Tips for Setting Up and Videoing Cattle
Ranch Quick Tips
Welcome back, we have been busy this past week! The catalog and sale pictures are available online please stop by and check it out. We are also now on Facebook so please stop by and Like our page to get updates quickly!
This past week we have taken video of all the sale lots, some of those videos are available today and the rest will be available by Friday, November 15th, make sure to check them out!! We use cattle videos for a variety of purposes including sale preview, promotions and also in the recent years we have switched our sale over to selling the lots over video instead of running them through a sale ring. So getting a quality video of the cattle is very important! The biggest key to getting quality video is to have the pen set up correctly. We use the very talented Marc Hotchkiss to take our videos and while he was here we asked him to give our readers some helpful hints to use if they setting up a pen to take video of their cattle.
The three keys to being set up to make a great video is, the right pen size, a good backdrop and the right people there to help you take the video. The video pen that we use is approximately 35 feet wide by 55 feet long. It is made out of freestanding steel panels, a wooden windbreak backdrop and fresh straw on the ground. Here is a picture of our set-up.
The size that you make your video pen is a key part of making a great finished product. If you make the video pen to short and/or narrow it will make taking video awkward and the finished product choppy. Also if the pen is excessively long or wide large it can work from a video quality standpoint, but it will require more people to help move the animal around a large pen and without the right help a large pen can add a lot of extra (wasted) time to the videoing process. The best pen design allows the videographer to stand a comfortable distance away from the cattle, and allows the cattle to walk in a long natural line.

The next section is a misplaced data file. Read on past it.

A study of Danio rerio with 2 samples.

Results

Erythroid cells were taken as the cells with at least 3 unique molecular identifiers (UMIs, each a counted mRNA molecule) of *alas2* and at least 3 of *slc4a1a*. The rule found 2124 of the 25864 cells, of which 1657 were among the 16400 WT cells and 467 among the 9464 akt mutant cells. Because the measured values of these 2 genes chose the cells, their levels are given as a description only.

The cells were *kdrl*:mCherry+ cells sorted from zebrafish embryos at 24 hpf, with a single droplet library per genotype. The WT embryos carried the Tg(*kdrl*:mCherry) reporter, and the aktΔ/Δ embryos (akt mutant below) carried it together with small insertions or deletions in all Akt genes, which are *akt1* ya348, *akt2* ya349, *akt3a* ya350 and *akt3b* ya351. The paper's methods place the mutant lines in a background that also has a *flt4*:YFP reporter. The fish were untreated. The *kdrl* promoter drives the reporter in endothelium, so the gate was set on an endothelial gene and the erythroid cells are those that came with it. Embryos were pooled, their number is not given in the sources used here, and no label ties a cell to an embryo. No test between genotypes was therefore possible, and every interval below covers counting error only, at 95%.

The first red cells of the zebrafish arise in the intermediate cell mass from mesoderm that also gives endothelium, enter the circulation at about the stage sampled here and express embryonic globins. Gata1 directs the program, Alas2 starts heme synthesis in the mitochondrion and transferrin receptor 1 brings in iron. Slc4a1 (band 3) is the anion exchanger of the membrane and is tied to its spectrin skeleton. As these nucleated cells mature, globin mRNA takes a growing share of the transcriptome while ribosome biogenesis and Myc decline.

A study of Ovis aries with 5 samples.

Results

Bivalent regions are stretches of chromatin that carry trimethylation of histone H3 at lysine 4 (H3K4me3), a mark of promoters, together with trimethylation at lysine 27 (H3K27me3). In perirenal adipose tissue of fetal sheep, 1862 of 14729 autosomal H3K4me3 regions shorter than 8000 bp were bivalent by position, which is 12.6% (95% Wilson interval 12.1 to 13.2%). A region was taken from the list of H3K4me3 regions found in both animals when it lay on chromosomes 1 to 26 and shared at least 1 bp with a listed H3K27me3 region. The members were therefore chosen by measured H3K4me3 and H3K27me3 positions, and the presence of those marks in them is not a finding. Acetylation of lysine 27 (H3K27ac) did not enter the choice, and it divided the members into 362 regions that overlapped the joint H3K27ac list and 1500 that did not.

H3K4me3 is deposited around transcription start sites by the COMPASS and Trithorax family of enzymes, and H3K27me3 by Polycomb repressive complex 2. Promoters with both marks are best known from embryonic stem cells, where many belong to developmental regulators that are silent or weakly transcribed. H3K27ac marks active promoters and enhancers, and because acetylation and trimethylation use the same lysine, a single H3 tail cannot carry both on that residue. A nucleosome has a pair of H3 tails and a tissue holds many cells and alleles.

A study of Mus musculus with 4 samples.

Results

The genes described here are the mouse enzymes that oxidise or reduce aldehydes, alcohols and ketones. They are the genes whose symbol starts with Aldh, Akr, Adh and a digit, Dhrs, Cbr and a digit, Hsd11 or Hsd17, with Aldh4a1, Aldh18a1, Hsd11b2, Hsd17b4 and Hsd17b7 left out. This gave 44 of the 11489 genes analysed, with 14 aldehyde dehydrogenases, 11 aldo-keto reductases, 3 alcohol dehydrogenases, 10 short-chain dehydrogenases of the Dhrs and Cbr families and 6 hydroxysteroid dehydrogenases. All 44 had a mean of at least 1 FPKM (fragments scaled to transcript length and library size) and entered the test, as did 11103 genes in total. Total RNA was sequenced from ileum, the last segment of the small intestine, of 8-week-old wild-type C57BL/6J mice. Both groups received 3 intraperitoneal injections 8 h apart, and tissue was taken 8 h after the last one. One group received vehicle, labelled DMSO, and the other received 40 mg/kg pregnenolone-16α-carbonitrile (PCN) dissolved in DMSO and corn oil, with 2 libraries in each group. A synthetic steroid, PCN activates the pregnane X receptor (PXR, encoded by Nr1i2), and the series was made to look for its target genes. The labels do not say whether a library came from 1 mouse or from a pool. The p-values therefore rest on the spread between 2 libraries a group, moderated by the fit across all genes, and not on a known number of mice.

The second portion of setting up the pen is the backdrop you choose. A great backdrop is neutral and does not detract from the cattle. Common backdrops that work well are stacked bales and a clean wooden or solid fence. Tarps are ok if you have to cover some sort distracting/messy area but they tend to cause a glare or flap around in the breeze both of which are distracting in the video and detract from the cattle.
The last and possibly most important aspect of setting up for videoing is making sure you have the right people there to help. They should be calm, quiet and used to being around and handling cattle. Making a great video takes some finesse. You should have people who understand how to move and stop cattle without making too much noise or sudden jumpy movements. A crew that understands how to work cattle quietly will make videoing a quick and painless process!
We hope that these few quick hints will help you when you go to set up your video pen. Be sure to check out the sale cattle videos and the catalog!